The $12.3-million renovation project on the landmark Theme Building at Los Angeles International Airport (LAX) has been honored by the California Preservation Foundation (CPF).

The organization selected the project for its Preservation Design Award for Preservation Technology, which recognizes projects that sustain the original form and extent of a structure while aiming to halt further deterioration through structural stability with a minimum of rebuilding, restoration, or rehabilitation.

The space-aged building’s renovation, completed last June, also garnered the CPF’s Trustees Award for Excellence in Historic Preservation, which is only awarded if a project is deemed to be of very high importance to California architecture or history. The CFP board called the Theme Building a great monument to mid-century design, airport officials said.

The awards were presented Oct. 16 during the 27th Annual Preservation Design Awards ceremony at the Getty Villa.

The Theme Building, a nearly 50-year-old cultural and historic landmark in the center of LAX’s passenger terminal area, began a three-year renovation in February 2007, after a 1,000-pound panel of the stucco “skin” fell off the underside of the east upper arch. Following removal/demolition of all of the stucco, the renovation included a seismic retrofit, reconstruction of the faÁade of the upper and lower arches, and accessibility upgrades for visitors with disabilities.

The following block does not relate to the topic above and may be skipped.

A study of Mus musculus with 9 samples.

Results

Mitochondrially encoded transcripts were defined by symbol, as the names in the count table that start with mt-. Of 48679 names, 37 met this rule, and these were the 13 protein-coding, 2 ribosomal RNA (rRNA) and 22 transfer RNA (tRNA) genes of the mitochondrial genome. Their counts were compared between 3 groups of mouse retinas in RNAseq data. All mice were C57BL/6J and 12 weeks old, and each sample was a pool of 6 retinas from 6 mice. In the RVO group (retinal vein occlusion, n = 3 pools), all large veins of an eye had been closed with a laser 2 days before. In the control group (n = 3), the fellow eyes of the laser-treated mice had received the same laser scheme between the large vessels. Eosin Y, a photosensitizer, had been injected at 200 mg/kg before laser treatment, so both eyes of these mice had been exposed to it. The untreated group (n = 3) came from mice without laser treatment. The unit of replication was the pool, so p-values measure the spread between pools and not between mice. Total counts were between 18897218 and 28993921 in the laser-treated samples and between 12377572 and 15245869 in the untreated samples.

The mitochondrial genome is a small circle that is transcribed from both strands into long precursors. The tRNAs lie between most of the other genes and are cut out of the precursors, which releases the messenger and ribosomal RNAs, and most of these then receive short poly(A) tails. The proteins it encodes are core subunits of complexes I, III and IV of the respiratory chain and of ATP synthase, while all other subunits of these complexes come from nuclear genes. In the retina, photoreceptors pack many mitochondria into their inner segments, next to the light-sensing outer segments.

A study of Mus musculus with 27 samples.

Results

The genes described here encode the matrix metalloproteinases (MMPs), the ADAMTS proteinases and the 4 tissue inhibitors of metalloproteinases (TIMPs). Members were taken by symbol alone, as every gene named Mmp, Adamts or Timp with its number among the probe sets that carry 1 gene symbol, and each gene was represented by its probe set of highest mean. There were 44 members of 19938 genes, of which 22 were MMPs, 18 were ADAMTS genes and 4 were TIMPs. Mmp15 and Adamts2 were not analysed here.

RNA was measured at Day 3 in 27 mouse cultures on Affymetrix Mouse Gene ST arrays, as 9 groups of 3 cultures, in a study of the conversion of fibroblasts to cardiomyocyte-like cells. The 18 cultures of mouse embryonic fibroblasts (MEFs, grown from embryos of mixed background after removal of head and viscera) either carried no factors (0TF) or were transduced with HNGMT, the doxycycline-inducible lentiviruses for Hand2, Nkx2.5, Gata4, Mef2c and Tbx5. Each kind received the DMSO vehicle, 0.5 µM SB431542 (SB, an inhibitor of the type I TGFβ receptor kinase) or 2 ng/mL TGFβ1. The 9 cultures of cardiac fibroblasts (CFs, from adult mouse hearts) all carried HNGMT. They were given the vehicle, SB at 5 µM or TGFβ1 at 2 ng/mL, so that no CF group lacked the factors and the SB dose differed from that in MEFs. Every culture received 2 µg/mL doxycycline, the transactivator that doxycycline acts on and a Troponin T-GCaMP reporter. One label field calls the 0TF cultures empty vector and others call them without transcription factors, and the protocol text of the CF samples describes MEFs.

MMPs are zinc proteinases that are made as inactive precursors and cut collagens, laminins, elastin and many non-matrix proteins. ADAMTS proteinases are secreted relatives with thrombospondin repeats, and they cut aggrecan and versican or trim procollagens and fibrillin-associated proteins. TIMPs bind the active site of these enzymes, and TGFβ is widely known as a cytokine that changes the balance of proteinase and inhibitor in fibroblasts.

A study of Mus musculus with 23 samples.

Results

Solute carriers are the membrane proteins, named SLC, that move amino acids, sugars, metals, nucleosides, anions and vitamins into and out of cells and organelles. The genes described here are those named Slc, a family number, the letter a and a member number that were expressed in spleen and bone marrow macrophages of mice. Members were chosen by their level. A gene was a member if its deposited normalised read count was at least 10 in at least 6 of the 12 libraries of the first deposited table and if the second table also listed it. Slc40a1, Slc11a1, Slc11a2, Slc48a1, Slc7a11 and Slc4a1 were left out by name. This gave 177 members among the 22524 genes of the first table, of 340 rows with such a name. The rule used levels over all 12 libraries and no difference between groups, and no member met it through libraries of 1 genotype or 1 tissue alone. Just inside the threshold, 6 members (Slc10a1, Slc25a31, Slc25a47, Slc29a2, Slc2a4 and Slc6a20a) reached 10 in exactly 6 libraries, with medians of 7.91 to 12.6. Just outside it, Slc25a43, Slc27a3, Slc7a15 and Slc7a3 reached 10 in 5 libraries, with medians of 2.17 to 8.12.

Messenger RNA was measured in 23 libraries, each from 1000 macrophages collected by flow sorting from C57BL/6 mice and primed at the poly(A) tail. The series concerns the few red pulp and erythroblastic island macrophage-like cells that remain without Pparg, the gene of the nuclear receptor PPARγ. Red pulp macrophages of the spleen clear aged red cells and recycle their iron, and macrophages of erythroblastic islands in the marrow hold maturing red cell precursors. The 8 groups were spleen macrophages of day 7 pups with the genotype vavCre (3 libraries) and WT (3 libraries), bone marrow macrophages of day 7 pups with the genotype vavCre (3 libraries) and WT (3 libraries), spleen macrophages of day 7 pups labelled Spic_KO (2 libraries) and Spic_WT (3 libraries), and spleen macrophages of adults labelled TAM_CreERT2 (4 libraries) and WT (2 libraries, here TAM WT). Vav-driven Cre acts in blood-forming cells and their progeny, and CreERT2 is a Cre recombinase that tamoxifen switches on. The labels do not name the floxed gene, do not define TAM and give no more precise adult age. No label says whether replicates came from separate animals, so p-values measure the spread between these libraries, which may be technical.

The building’s observation deck reopened to the public this summer after it was closed following the Sept. 11 terrorist attacks.

“The innovative design of the project allowed us to maintain the original look and feel of the building and helped us preserve a landmark building for the future enjoyment of city residents and visitors and travelers at LAX,” Deputy Executive Director David Shuter said.

The seismic retrofit involved installing a rooftop tuned mass damper (TMD) containing 600 tons of steel added to the top core. The device will absorb violent motion caused by an earthquake by counterbalancing with harmonic vibrations of its own. Engineers said the TMD at LAX is the first of its kind in the nation, and it was considered the most difficult and intricate part of the restoration project.